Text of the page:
Global average temperatures will probably be between 1.4°C and 3°C (between about 2.5°F to 5.5°F) higher than they were from 1960 to 1990 by 2050 according to new study. Scientists picked one of 25 climate models used by the IPCC in a climate scenario called A1B, which assumes greenhouse gas emissions will generally continue to increase at their current levels, with some reduction in sulphate aerosols. In a 2007 report, the IPCC predicted that global temperatures would rise by about 1.5 to 2°C (about 2.5 to 3.5 °F) by 2050. The researchers then run the model thousands of times with slight perturbations to each climate detail. This was big project which included help of tens of thousands of people who allowed computer simulations to run in the background on their personal computers for up to six months because the job was too much for any one computer to deal with. This shows what citizen science can contribute to top-level scientific research.
Narrowing the model’s results to scenarios that were realistic based on past trends, the researchers report in the journal Nature Geoscience, that global temperatures could be as much as 3°C (5.4°F) higher in 40 years than they were in the 60’s through the 90’s. That kind of change could have profound effects on ecosystems, according to the IPCC, with higher rates of coral bleaching, extinctions and melting ice.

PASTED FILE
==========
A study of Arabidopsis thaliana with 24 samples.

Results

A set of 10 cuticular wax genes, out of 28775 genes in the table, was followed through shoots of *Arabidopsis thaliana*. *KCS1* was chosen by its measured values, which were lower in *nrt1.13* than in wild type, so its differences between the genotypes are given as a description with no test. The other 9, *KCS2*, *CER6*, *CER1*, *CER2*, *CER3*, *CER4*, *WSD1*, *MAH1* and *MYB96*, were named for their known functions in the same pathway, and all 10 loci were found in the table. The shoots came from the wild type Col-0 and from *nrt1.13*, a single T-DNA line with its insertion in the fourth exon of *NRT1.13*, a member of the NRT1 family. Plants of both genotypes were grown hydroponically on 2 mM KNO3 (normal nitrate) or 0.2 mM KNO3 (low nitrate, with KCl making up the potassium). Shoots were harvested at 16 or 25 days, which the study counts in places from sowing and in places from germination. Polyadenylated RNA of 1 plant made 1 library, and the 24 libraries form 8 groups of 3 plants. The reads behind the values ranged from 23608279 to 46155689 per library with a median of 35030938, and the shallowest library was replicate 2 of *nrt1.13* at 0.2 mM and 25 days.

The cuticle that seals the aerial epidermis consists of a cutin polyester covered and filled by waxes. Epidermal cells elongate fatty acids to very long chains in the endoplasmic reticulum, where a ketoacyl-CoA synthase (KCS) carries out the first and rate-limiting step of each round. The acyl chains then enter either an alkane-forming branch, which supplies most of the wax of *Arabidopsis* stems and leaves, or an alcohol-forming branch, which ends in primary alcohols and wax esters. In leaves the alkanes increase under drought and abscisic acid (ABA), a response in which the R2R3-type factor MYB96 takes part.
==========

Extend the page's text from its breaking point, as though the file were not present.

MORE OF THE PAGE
The new study, which used many thousands of personal computers to both refine and raise previous estimates of future temperatures, points out just how hard it is to predict the future of something as multi-faceted and complex as climate. When scientists meet to develop climate predictions for the Intergovernmental Panel on Climate Change, they consider all available data on every conceivable detail that might influence climate, while also making a number of assumptions. Some of those assumptions have to do with human behavior and our projected levels of greenhouse gas emissions. Others are more technical, as scientists have to factor in how sure they are about the variables involved in processes like cloud formation around ice crystals or temperature mixing in the oceans. Much is still unknown about how all those processes work and how they ultimately contribute to temperature changes. (Discovery)
“We can generate models with quite different climate responses over the next 50 years, and a large subset of those will look reasonable when compared with the last 50 years,” Isaac Held, a climate modeler at NOAA’s Geophysical Fluid Dynamics Laboratory at Princeton University in New Jersey said.